First-team and fans continue Academy backingIn the latest edition of his monthly blog, Senior Club Journalist Ben Mouncer reflects on City Under-21s vs Tottenham at Carrow Road.
Thursday’s Under-21s game showcased what Norwich City as a football club is all about.
The result may have gone in Tottenham’s favour at the end of a thrilling contest at Carrow Road, but there were many wins as far as the Canaries were concerned.
With football fans nationwide tuning into live coverage of the match on BT Sport, this was an opportunity to impress on and off the field, to confirm the Club’s reputation as champions of an Under-21s Premier League that is still forging its reputation as the best environment for promising footballers to progress.
First of all, credit has to go to both teams for the boldness in their team selections: Norwich have made a conscious decision to place their faith in players who would still be young enough to play in the competition in five years’ time.
BT’s commentator Jonathan Pearce rightly highlighted Glenn Middleton throughout, who for the second time started a competitive Under-21s game aged just 15. First-year scholars Louis McIntosh and Benny Ashley-Seal were also entrusted with key roles in Dmitri Halajko’s eleven. They have done themselves and their club proud in the last two weeks.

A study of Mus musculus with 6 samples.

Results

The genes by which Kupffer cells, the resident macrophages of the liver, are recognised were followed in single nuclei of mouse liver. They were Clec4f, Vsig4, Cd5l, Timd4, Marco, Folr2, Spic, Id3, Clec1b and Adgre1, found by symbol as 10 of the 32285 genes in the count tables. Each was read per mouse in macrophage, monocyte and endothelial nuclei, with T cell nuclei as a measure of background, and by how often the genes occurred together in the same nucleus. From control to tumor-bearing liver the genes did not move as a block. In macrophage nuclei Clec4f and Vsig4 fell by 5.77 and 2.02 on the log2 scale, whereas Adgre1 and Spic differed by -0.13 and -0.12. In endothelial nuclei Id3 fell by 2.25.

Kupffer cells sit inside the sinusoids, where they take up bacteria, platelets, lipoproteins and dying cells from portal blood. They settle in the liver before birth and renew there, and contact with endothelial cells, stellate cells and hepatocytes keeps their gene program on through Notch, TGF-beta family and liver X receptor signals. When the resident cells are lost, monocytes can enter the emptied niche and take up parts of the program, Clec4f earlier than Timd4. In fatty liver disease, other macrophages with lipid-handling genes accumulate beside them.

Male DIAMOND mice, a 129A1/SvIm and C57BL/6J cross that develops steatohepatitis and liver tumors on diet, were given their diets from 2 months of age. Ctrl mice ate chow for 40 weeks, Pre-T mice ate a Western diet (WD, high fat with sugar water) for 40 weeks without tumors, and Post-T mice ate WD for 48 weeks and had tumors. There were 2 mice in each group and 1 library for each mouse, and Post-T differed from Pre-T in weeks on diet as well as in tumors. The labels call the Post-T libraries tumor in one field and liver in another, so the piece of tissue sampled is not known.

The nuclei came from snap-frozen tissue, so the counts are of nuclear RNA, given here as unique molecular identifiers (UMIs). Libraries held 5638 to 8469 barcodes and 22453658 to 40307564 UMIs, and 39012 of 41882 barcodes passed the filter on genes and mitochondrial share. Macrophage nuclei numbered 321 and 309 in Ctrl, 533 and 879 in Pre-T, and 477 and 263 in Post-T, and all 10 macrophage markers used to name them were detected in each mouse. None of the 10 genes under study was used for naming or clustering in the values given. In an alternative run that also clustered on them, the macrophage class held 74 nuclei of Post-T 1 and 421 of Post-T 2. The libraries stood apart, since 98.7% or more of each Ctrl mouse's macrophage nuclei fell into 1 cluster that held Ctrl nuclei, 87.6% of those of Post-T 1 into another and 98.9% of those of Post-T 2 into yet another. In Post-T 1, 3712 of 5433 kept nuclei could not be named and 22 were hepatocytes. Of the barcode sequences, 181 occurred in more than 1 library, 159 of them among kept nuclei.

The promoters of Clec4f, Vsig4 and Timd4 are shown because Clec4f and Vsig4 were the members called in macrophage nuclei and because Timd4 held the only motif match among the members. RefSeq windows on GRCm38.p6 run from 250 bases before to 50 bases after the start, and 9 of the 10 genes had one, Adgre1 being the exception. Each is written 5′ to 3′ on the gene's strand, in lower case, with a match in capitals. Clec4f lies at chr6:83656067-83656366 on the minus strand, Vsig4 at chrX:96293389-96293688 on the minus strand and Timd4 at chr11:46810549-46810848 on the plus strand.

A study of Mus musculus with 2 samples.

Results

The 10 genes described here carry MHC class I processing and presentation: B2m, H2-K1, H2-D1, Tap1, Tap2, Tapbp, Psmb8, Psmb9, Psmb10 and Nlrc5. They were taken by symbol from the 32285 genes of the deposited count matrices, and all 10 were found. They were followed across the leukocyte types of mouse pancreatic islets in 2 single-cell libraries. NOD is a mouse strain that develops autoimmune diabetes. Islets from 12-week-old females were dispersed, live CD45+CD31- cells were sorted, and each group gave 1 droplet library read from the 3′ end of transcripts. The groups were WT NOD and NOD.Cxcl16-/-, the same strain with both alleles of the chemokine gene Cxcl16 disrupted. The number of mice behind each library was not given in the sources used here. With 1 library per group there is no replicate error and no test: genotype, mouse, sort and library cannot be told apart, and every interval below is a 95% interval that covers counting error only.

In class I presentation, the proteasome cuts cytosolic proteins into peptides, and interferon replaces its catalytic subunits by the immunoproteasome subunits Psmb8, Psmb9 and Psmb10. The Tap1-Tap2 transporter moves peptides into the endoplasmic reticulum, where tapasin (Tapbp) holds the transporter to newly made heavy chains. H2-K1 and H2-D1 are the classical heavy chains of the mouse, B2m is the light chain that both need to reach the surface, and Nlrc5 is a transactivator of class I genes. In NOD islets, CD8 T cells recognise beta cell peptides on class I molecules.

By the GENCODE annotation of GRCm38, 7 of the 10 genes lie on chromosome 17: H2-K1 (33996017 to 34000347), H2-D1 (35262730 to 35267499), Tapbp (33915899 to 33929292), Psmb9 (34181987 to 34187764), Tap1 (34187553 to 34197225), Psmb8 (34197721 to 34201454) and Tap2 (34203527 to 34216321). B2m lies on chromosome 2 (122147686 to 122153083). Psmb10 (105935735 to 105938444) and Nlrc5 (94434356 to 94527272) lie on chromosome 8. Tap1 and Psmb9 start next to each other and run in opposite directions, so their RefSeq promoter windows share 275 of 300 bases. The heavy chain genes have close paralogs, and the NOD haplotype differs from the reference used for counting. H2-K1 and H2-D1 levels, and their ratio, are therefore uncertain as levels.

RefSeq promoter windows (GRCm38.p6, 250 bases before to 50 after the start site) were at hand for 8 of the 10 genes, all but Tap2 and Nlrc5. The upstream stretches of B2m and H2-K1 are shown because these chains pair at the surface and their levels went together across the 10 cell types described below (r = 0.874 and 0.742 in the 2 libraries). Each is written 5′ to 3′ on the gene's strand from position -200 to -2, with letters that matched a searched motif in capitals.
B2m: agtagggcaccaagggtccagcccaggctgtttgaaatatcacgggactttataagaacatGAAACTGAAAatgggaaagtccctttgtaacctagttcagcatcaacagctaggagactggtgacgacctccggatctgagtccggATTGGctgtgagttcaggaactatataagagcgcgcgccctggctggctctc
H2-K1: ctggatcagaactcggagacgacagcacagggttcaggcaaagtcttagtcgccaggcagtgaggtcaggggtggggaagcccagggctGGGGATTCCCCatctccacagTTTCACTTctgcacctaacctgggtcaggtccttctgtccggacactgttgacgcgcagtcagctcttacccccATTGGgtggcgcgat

But City also reward hard work and persistence alongside talent. Their scorers Jamie Eaton-Collins, who endured injury hell last season but quietly makes a big impact, and Cameron Norman, who has been with the Academy since the age of nine, epitomise that.
Watching all along was Alex Neil, whose support for youth development was highlighted by Gregg Broughton in his most recent Next Generation column on canaries.co.uk
“Alex stayed until late and did a lengthy CPD (Continuing Professional Development) session with every one of the coaches in the Academy. Not only did he not have to do that, but to come out and do it so candidly and so honestly, I thought what it made every member of staff feel was part of that team.”
Gary Holt’s presence alongside Halajko and Darren Huckerby in the dugout against Spurs goes further to proving that joined-up approach, the importance of which can’t be underestimated when it comes to establishing the pathway players need to make it in the game.
Then there are the fans. In the middle of the week, on a chilly autumn night, when they could have easily stayed at home and watched from the comfort of their sofas, 6,684 supporters backed the boys.
Almost a year to the day from when City broke the record for the highest attendance at an Under-21s Premier League match, their supporters demonstrated once more that it was far from a one-off.